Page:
The Indonesian government’s decision to extend ConocoPhillips’ production-sharing contract (PSC) for the country’s second largest natural gas block signals a move away from the economic nationalism that has left the nation’s oil and gas sector in a shambles.
Secured just three months after President Joko Widodo won re-election, the agreement with the Houston-based petroleum giant shows just how much politics influenced previous decision-making and the impact it has had on foreign investment in the once-booming energy sector in recent years.
Widodo would have been hard-pressed to implement a policy shift any earlier, particularly during a heated election season when grandstanding politicians and tough-talking presidential rival Prabowo Subianto were loudly banging nationalist drums.
Responding to mounting criticism from the business community, Widodo has also signaled a reduced role for over-leveraged and inefficient state enterprises in major infrastructure projects by turning over West Java’s Patimban 42.3 trillion rupiah (US$3 billion) port development to three private sector contractors.
Under the new 20-year Corridor natural gas bloc contract, ConocoPhillips will retain a 46% stake in the Sumatran field, down from a previous 54%, while state-owned oil company Pertamina’s interest will rise from 10% to 30%. The remaining 24% will stay in the hands of Spanish energy firm Repsol SA.
ConocoPhillips will continue to act as operator for at least the first three years of the contract extension, between 2023 and 2026, after which the role will gradually shift to Pertamina – though Mines and Energy Minister Ignasius Jonan has said there is no set timeline for the transfer.
“The government has learned that changes of ownership and operatorship has cost them dearly,” says one industry analyst. “Without any incentive, the outgoing parties simply milk the asset as much as they can and leave Pertamina to pick up the pieces.”
Blamed for a recent oil spill in the Java Sea, east of Jakarta, Pertamina is already under fire over a 30% drop in production at East Kalimantan’s third-ranked Mahakam block, which it took over from French energy giant Total in December 2017.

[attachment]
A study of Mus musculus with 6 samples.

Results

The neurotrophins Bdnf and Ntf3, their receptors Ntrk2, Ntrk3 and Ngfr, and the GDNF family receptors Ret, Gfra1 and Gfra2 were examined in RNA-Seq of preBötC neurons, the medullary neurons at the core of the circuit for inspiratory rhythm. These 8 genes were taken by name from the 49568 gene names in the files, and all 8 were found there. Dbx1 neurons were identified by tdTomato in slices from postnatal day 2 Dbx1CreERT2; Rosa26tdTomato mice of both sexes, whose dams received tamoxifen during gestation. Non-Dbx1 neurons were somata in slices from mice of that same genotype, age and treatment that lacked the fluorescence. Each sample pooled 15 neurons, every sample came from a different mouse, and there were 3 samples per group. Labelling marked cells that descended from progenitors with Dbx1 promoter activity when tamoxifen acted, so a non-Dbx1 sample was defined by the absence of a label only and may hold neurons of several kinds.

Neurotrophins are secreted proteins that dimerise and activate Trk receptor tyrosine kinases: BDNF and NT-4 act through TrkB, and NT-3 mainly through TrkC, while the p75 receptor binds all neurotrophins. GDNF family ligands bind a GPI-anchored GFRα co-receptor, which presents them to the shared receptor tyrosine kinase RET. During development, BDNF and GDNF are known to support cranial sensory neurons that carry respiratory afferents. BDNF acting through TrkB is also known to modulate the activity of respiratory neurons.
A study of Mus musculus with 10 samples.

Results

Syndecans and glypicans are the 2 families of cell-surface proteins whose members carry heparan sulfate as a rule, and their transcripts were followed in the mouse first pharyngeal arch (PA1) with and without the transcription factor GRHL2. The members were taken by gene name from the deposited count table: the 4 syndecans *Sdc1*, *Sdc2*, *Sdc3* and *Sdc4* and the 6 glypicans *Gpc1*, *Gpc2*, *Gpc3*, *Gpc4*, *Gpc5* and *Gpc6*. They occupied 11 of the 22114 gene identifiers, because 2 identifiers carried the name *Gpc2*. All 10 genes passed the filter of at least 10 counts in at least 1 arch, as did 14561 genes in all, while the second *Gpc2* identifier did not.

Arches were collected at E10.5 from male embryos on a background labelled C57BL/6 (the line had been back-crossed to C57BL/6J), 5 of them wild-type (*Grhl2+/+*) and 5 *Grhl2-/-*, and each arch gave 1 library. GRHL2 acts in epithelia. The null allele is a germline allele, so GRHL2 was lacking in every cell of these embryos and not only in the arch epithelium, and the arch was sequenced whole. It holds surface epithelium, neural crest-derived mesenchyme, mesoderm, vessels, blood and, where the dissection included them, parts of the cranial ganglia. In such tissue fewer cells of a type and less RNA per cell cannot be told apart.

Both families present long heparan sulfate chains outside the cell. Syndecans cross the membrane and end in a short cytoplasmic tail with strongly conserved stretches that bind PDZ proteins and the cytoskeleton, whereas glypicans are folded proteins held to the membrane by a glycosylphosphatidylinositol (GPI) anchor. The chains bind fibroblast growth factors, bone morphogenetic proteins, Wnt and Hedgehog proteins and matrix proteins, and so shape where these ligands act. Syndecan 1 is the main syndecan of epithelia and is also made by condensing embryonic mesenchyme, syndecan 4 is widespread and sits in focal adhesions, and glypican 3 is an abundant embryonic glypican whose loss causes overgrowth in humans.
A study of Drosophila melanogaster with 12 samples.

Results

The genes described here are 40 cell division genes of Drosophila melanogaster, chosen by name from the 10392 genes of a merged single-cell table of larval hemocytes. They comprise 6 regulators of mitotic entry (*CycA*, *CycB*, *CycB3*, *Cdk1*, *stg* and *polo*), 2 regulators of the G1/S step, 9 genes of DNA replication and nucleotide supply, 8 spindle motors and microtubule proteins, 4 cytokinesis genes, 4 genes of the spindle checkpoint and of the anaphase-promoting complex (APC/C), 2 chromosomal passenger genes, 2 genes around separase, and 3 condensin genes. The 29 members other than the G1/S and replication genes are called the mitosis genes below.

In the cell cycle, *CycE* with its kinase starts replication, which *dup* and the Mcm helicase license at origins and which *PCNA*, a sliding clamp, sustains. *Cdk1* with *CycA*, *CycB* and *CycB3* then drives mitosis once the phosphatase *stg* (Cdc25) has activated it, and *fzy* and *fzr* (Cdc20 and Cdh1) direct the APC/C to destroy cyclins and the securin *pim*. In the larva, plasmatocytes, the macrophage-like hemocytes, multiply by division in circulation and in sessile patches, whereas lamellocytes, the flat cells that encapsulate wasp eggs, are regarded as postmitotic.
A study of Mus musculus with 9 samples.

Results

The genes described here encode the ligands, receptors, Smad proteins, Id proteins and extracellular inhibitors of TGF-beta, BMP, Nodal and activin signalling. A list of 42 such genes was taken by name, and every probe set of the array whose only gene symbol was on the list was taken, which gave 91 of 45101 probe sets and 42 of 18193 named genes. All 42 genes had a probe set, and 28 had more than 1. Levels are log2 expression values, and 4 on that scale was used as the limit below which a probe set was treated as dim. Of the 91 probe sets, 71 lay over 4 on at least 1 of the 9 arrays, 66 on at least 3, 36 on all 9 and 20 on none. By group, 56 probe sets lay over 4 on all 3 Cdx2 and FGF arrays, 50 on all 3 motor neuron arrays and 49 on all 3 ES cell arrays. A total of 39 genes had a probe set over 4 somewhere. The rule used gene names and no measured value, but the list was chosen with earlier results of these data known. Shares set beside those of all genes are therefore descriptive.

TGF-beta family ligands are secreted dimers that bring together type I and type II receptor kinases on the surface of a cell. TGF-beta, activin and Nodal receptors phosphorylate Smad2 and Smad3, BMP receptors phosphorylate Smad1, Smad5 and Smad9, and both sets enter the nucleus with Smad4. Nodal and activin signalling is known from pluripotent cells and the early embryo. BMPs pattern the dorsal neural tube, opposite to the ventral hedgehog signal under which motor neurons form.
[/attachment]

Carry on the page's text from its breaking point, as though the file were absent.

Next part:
Given the equally complex technical difficulties involved, industry experts are already questioning the state company’s ability to maintain the 200,000-barrel-a-day Rokan block, Indonesia’s biggest oilfield, when Chevron Pacific’s contract runs out in 2021.
Corridor has its own complexities. Although it may be an onshore field, the wells are much deeper than offshore Mahakam and about 40% of the gas is comprised of Co2, which requires specialized well casing and more expensive processing.
That explains why the government is proceeding slowly on the issue of operational control, with ConocoPhillips executives calling the new arrangement a “win-win” for both sides and pointedly emphasizing the importance of continuity.
Corridor produced 827 million cubic feet of gas a day in the first half of 2019, significantly more than the Mahakam block where the daily output has dropped alarmingly to 700 million cubic feet, more than 300 million below target.
Dwi Sucipto, head of upstream regulator SKK Migas and a possible candidate for energy minister in Widodo’s next Cabinet, noted that five of the six underperforming oil and gas contractors so far this year are Pertamina subsidiaries.
ConocoPhillips was among four of the top 10 PSC holders to exceed their targets, he said.
Analysts are surprised Repsol has been able to keep its original stake in the Corridor, but that may be related to its discovery earlier this year of the two trillion cubic feet Sakakemang field in neighboring South Sumatra, the biggest find in 18 years.
Repsol and partners Petronas and Moeco are hoping to use ConocoPhillips’ processing facilities when the new field comes on stream in 2024-2025, producing an estimated 300 million cubic feet a day for the next two decades.
“Indonesia has recently ramped up efforts to rejuvenate its oil and gas sector by reducing bureaucracy, revising fiscal terms and opening up the level of data available,” said energy intelligence group Wood McKenzie.
“It will be up to Indonesia to capitalize on the buzz generated by this discovery to attract further investment and stimulate more activity.”
That means more private and less state management.
“It is about being proactive and reactive to changing circumstances that leads to good outcomes,” says one foreign petroleum consultant. “But that’s not in a state company’s DNA. Here, you can make a good decision and have a bad outcome and go to jail.”
He was referring to the recent eight-year prison term handed down to former Pertamina president-director Karen Agustiawan, 60, accused of causing $40 million in losses to the state over the firm’s investment in an Australian oil concession.
It is not the first time a senior executive has gone to jail for an innocent business decision that went south — or for trying to cut corners to speed up a project caught in an onerous budgetary process that in many cases involves checks on almost every invoice.
Another case was that of Eddie Widiono, the former boss of state power utility Perusahaan Listrik Negara (PLN ), who was jailed for four years after allegedly adding $13.8 million to the cost of two generators for power-starved South Sumatra.
Although he was never been accused of enriching himself, police were acting on an interim State Audit Agency (BPK) report, which noted a difference between the price of the units and that of the same type of generator available on the Internet without taking into account installation and commissioning costs, insurance and loan repayments.